QUESTION: What would you say to people who are on the fence about getting an electric vehicle (EV)?
ANSWER: Do the math. You often look at the upfront cost, but you don't look at the amount of gas you are going to save and the amount on maintenence you are going to save because you are paying electricity instead of gasoline.
Q: Even with Hawaii's electricity rates?
A: Even with our rates -- believe it or not, because of the efficiency of electric vehicles.
"When you are at a stoplight, you aren't burning any gas because you aren't running.
EV also collects (energy) when braking. They call that regenerative braking. Some hybrids do that, also."
If you are diving over the Pali and driving up the hill, you are using the energy going up and you charge as you come back down the hill.
Q: What is a common misconception about electric vehicles?
A: I think people still have the perception that they are slow and like golf carts and not like real cars. But as soon as you take a test drive, you will see they are better than most cars out there. They have better pickup; they are quiet. They are expecting a golf cart, and it is nothing like that.
Q: What are the fuel savings?
A: The expected fuel savings from using an EV is about $450 per year given typical Hawaii driving. Let's say the choice is between a Nissan Leaf and a comparable gasoline car (Toyota Camry).
Here are some assumptions:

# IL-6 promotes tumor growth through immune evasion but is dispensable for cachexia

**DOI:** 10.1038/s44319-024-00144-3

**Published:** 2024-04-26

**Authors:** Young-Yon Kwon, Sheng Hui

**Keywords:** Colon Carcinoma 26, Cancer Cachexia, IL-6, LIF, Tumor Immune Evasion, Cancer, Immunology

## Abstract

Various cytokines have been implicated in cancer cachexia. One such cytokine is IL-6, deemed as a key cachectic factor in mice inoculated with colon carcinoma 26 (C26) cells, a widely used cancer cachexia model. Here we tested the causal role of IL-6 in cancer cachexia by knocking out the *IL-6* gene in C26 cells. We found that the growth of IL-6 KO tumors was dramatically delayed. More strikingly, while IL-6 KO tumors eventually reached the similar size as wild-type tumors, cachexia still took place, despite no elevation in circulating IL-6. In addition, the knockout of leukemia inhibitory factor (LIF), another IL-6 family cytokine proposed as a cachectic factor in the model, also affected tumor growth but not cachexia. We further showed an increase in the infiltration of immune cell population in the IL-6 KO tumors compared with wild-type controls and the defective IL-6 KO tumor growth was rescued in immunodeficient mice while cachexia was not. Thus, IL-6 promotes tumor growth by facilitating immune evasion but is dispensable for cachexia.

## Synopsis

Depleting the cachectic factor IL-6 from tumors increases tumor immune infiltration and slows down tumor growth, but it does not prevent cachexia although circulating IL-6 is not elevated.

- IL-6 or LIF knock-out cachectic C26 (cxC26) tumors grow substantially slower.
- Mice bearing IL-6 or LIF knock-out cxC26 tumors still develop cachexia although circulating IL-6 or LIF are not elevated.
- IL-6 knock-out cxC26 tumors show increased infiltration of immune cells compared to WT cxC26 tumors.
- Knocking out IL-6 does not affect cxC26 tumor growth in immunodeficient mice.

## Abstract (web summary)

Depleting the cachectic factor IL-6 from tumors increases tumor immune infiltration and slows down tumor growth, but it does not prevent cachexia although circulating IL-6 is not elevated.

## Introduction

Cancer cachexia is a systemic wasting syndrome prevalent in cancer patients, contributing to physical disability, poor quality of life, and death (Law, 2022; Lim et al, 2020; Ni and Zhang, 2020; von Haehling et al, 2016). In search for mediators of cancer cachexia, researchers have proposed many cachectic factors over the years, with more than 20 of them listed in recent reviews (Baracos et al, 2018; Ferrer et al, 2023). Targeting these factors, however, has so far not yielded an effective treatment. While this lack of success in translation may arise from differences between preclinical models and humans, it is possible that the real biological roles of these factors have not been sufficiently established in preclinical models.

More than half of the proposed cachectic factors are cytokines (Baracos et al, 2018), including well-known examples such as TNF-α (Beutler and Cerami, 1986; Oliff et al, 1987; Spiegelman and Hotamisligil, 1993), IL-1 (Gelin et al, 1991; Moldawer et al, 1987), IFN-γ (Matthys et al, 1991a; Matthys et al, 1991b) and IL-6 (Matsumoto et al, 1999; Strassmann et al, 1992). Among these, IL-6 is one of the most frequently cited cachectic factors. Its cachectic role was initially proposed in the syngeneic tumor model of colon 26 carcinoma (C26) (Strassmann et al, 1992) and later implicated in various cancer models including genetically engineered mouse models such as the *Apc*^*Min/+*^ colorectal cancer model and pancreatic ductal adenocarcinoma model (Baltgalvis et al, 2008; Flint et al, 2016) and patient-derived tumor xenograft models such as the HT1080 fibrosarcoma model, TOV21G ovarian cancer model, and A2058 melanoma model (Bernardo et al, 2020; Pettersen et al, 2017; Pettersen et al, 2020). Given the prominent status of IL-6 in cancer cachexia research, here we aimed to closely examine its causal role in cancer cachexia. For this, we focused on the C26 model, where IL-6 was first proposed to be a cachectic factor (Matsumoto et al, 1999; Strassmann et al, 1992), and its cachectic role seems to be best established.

» 3.1 miles per kilowatt-hour (about 75 miles on a 24 kwh battery charge)
» 35 cents per kwh. So about 11 cents per mile.
» 26 miles per gallon
» $4.16 per gallon. So about 16 cents per mile. That's a difference of 5 cents per mile. If the average Hawaii vehicle travels about 25 miles per day, that's $1.25 savings per day with the EV (about $450 per year).
Q: What would you say to people who are considering buying an electric vehicle?
A: Prepare to be impressed and annoy all of your friends because you are excited about your car. People typically turn into evangelists after they get their car.
Q: What about accessible charging stations?
A: Surprisingly, a lot of people use just a regular socket and leave it overnight. That is just enough to get to work and run errands. If there are places that they frequent that have charging spots, that can make it easier for them. There are a lot of charging stations that are free provided by companies like Volta.
Q: What about biodiesel vehicles?
A: If you live in a condo and you don't have charging at home or the office, I would look at biodiesel.
Regarding biodiesel vehicles, not every vehicle can burn 100 percent biodiesel reliably, so it's worth a little research online before you buy. But it is a great choice to support 100 percent locally produced, renewable fuel.